With the advent of winter and the emergence of a new variant of the SARS-CoV-2 virus, cases of COVID-19 have been rising sharply in many countries and governments are scrambling to keep up. As vaccines slowly roll out around the continent, governments are introducing lockdowns, curfews and border closures to try to keep cases under control.
Since the pandemic began, governments have struggled to strike an effective balance between restoring economic activity and preventing large outbreaks of COVID-19.
For affected countries, the difference between the widespread community transmission that we are seeing now, and more localised outbreaks such as those we saw in summer, will depend on both controlling local transmission and preventing cases being imported to places with lower rates of COVID-19.
This becomes especially important when different countries reduce mobility to different degrees in response to the pandemic.
Not all “lockdowns” are the same and, as European countries move in and out of periods with increased restrictions, travel from nearby areas can threaten to quickly reverse any progress in reducing COVID-19 cases. The virus does not respect national borders.
Instead, our research shows that coordinating restrictions across countries is a much more effective way of controlling the spread of coronavirus.
Tracking outbreaks with real-time data
For strongly connected areas, such as the countries of Europe or the states of the US, preventing outbreaks means working out where new cases are most likely to come from, and whether border restrictions and social distancing measures can be coordinated with neighbours.
Knowing this is difficult, particularly in a rapidly changing situation such as the COVID-19 pandemic. Community response to the pandemic and continuing control efforts mean travel patterns can change dramatically based on perceived risk and local interventions, and these must be accounted for when quantifying potential outbreak risk and the lifting of restrictions.
With increasing numbers of us carrying smartphones, anonymised and aggregated location history data from them mean that scientists can begin to address such issues in near real-time. We can use this information to predict where outbreaks are likely to spread next, how much people have reduced their travel, and where super-spreading events may occur.
Paired with simulations of COVID-19 transmission, our research group used this information from the first wave to simulate hypothetical COVID-19 control scenarios. In Europe, these simulations unveiled a patchy network of potential disease spread, with some countries and regions spreading cases much more quickly than others.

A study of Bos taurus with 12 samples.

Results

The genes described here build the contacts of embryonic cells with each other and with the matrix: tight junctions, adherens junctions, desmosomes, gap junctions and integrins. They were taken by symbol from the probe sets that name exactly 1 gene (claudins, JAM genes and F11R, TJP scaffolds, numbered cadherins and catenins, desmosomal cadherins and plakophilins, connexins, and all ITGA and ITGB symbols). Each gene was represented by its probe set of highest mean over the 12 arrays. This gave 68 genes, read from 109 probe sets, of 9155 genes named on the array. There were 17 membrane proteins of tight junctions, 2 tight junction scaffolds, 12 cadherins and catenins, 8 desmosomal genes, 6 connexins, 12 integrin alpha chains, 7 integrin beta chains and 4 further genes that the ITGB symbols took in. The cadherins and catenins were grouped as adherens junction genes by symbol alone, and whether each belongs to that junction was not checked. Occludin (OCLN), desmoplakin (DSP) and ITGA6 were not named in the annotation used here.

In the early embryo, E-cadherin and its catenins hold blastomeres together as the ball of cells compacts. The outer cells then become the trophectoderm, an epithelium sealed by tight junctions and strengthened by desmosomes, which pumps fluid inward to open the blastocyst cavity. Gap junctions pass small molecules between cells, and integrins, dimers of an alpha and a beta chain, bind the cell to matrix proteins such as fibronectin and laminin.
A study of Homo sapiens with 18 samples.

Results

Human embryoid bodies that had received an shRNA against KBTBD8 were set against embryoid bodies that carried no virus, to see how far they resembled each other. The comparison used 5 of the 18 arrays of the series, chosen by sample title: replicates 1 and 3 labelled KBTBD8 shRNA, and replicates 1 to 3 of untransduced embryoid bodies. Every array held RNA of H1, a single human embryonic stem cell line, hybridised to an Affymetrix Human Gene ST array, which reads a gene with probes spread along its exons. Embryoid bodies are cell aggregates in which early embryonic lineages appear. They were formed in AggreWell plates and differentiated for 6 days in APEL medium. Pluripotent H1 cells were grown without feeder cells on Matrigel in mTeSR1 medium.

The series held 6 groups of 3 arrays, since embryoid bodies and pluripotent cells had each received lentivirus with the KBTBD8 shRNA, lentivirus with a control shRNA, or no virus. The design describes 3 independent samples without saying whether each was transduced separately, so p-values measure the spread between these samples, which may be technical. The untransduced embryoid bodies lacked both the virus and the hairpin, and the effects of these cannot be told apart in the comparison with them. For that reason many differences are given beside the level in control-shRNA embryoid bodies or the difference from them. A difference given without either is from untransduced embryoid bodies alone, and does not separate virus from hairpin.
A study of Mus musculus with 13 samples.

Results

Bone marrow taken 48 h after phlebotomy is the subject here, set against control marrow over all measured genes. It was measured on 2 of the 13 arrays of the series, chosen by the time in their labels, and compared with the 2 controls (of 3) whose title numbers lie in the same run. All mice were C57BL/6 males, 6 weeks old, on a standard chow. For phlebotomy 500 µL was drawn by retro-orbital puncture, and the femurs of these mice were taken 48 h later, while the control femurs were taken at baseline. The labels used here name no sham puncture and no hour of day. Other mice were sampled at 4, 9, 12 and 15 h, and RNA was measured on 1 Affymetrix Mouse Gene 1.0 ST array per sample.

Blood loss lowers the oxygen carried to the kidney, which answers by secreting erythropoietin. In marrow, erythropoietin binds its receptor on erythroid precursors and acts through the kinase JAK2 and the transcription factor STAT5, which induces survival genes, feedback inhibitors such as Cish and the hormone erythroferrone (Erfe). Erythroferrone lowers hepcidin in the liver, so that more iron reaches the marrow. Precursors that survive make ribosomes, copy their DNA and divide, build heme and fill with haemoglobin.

If an outbreak started in large, highly connected countries such as Germany or France, our simulations predicted that cases would rapidly rise in all countries across Europe.
However, if it began in a less-connected region, such as parts of Norway or Iceland, transmission to the rest of the continent takes months longer – valuable time that can be used to prepare for the coming wave, including surveillance for new variants, expanding testing and contact-tracing measures.
Crucially, these complex patterns of regional interconnectedness also provide opportunities for COVID-19 control. If groups of countries coordinate and collectively get cases to very low levels at the same time, lifting restrictions is much less likely to lead to new, widespread outbreaks.
On the other hand, if community transmission persists in a small group of countries, cases can spread to others as soon as restrictions are lifted, quickly causing a resurgence of disease.
This is all the more pressing given reports that a new variant of SARS-CoV-2, first detected in the UK, is more transmissible than its predecessors.
Preventing future waves
While our research was focused on Europe, the results can inform decision making across scales and across geographies. When interconnected communities experience a rise in COVID-19 cases, interventions should ideally be coordinated in both implementation and relaxation, whether at the regional, state or national level.
Doing this will prevent persistent pockets of transmission that could lead to resurgence elsewhere, whether these areas are cities, provinces or countries.
Keeping this coordination in mind will be essential to stopping the ongoing waves we are seeing around the world, and preventing future ones before they start.
Andrew J Tatem receives funding from the Bill and Melinda Gates Foundation and the UK Foreign, Commonwealth and Development Office.
Nick Ruktanonchai received funding from the Bill and Melinda Gates Foundation for the work referenced in this article.